I’ll be the first to admit we are lucky to live on the road. It was always the dream and we are grateful that we’ve come this far. We get to travel around the country, see some amazing things and meet incredible people but it’s not exactly as advertised. Right now we are siphoning WiFi from a fast food restaurant off of I-90 in eastern Wyoming. We haven't showered in a few days and we look rough. So does the trailer with new dents and scuffs, our clothes in piles, she too in need of a wash. This is the norm for us, dirty and unkempt off the highway. On our Instagram feed, we are perpetually somewhere scenic with nice light, a soft wind forever blowing in our hair. That’s the half truth but nothing we put out there is 100% truthful. Our images and words are carefully composed, selected and scrutinized. At first glance, life looks really good for us and we know that. It’s intentional.
It’s called Image Crafting and it’s a huge part of what we do. We are all guilty of it on a certain level; it’s a luxury afforded to us thanks to social media. The average Facebook user does this by posting the best parts of their lives through selected photos and crafted status updates. Seldom telling the full story, we show a highlight reel. Whether it’s Facebook, Instagram or even a text conversation, digital communication allows us to curate a version of ourselves that we may perceive as being superior or ideal. It’s not an outright lie, but it’s dishonest and we all accept and partake in the practice. The harm is that the constant exposure to this type of information can breed insecurity. When everyone else appears to have a perfect life, partner or job, how else are we supposed to feel? We respond by ensuring our social media content is as equally curated and our online persona is on par. We perpetuate the cycle.
As photographers, Jill and I do this by cherry picking the images we release and putting our best visual foot forward in our feed. We only present half of our story. What we omit is part of the act too. We edit our photos thoughtfully (no, we are not somehow the only people at a crowded national park) before putting them out into the world. We untag unflattering photos and retroactively delete images or posts that no longer feel relevant. All to form a visual narrative that we feel is the best, most exemplary version of ourselves. The risk being this is no longer real life; it becomes a campaign.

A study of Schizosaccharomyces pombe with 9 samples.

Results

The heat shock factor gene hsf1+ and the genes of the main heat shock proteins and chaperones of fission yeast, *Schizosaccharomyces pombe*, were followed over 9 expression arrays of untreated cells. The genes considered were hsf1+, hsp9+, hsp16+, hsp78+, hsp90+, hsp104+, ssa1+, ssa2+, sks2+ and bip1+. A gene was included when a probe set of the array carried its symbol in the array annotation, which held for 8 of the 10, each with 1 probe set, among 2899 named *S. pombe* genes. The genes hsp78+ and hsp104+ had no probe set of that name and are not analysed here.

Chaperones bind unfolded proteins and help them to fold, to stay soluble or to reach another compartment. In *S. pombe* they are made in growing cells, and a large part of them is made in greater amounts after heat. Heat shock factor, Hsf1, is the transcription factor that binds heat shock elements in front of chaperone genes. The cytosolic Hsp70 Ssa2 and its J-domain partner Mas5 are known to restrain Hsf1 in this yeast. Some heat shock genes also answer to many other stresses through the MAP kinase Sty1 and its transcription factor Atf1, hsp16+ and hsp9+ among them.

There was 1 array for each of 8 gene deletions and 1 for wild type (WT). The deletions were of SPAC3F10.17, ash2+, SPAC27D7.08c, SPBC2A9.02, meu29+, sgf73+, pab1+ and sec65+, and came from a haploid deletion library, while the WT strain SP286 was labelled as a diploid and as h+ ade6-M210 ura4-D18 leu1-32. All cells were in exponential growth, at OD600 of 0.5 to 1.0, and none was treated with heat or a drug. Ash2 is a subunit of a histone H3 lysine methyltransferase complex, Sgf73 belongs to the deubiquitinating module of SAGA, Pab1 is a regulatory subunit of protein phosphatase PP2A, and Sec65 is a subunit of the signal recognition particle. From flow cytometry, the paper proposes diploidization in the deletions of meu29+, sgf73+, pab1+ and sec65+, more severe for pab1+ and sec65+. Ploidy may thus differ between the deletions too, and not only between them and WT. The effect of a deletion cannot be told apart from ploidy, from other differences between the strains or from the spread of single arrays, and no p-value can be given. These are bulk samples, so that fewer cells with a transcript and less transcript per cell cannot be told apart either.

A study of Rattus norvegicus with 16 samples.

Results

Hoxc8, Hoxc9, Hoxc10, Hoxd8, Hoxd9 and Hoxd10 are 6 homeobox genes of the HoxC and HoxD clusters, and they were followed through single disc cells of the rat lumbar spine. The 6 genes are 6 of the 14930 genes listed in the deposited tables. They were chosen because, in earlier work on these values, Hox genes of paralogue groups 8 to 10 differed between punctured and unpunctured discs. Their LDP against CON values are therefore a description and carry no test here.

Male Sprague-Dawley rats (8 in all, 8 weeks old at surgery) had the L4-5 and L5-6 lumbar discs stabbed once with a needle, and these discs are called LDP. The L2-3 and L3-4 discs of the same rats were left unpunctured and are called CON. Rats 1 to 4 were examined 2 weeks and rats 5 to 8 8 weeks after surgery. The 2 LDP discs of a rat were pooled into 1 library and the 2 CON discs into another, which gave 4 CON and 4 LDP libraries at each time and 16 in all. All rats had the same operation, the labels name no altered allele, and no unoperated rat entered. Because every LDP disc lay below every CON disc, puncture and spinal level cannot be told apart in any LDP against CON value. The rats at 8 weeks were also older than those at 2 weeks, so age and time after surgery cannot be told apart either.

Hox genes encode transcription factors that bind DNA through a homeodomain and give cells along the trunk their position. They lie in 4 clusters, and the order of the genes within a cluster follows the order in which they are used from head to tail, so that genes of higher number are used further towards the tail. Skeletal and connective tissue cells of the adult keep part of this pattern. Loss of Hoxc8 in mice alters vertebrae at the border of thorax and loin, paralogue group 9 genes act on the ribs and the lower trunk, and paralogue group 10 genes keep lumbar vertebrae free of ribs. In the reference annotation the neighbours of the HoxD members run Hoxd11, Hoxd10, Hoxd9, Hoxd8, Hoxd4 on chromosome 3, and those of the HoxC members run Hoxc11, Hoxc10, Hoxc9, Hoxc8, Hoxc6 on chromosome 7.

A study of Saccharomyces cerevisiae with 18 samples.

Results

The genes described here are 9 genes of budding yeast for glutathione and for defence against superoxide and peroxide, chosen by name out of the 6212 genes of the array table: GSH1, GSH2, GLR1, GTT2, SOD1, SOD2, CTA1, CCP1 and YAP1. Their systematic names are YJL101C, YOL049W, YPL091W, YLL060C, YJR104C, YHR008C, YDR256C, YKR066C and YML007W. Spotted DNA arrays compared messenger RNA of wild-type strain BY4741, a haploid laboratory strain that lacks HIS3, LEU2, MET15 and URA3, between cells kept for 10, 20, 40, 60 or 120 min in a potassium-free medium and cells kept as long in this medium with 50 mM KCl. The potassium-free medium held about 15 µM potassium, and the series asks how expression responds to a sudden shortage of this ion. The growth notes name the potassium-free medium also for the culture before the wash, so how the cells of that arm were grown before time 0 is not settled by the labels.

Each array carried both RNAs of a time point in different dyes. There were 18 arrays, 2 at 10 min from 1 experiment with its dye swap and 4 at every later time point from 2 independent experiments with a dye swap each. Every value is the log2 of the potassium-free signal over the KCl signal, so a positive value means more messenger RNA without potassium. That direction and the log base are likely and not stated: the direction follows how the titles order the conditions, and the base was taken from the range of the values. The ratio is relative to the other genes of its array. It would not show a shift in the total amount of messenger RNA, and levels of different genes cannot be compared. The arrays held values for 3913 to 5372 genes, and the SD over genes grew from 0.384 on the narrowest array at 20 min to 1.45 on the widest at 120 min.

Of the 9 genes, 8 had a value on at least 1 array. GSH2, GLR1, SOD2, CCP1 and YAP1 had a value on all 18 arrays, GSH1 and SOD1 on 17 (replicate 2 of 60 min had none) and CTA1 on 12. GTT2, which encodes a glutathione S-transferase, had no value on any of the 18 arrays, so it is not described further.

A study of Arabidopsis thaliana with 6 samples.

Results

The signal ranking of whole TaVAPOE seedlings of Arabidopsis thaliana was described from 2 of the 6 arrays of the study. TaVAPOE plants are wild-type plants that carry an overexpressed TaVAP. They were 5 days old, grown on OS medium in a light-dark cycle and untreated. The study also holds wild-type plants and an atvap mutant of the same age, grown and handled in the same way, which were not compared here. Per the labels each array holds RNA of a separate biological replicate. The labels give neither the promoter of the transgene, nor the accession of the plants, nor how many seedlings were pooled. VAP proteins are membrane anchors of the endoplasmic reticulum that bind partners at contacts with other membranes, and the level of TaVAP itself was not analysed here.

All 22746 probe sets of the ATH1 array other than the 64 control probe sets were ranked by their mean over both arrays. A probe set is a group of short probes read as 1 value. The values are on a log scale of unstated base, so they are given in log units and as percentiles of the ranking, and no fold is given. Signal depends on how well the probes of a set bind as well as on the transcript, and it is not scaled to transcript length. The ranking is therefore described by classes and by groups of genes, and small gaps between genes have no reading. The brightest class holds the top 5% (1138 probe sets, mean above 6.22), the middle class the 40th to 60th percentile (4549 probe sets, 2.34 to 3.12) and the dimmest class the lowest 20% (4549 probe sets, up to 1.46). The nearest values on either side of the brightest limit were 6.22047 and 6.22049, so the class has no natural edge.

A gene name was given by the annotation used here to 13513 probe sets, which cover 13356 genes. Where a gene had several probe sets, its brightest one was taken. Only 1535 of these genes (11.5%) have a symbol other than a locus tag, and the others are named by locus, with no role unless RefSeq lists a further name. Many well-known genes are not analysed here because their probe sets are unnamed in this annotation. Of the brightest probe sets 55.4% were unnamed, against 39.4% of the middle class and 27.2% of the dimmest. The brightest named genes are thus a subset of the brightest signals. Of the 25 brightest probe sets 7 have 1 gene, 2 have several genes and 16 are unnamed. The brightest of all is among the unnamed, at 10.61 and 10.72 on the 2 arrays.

It wasn’t always this extreme. We started Our Wild Abandon to share a journey we were embarking on, and it ended up going further than we thought. Once people started noticing our work, we became more careful and selective with what we shared. We became self-conscious. We only wanted to share the strongest images, the easiest images to digest. We worried about offending someone with a caption or photo. We started to measure the success of our work in likes. We pared down our feed to just the “greatest hits” and started to leave out a lot of what were experiencing. Gone were the days where we would post shitty iPhone photos of us being detained in a Yuma holding cell. It sucked. We weren't happy. Travelling and taking photos (the two things in the world that brought us the most joy) started to feel like a chore, like a contest we could never win. We have been trying hard this year to come back to a place where our voice is genuine and we share our full experience.
The need to curate ourselves online does seem counterintuitive in a way. In our real lives our strongest relationships center around honesty and vulnerability. We all spend our whole lives learning from our mistakes and most days, we don’t look so great. This is pretty much universal, so why is it so terrible to think about sharing a more complete picture online? It’s simple, because the option exists for us not to. We never need to be vulnerable or imperfect unless we choose it and we all take the easy way out.
We see the product of image crafting in our feeds every day but seldom do we confront it. Jill and I definitely perpetuate it. We don’t expect anyone (ourselves included) to start posting their worst selfies or most recent romantic failure in detail online but we felt it was important to say that we are all in this together and that none of us are perfect. We should be more honest, we should be open to showing that it's not always sunsets in sundresses. It's Walmart parking lots, unshaved legs and unpaid balances.
So, in the spirit of transparency, this is what life really looks like.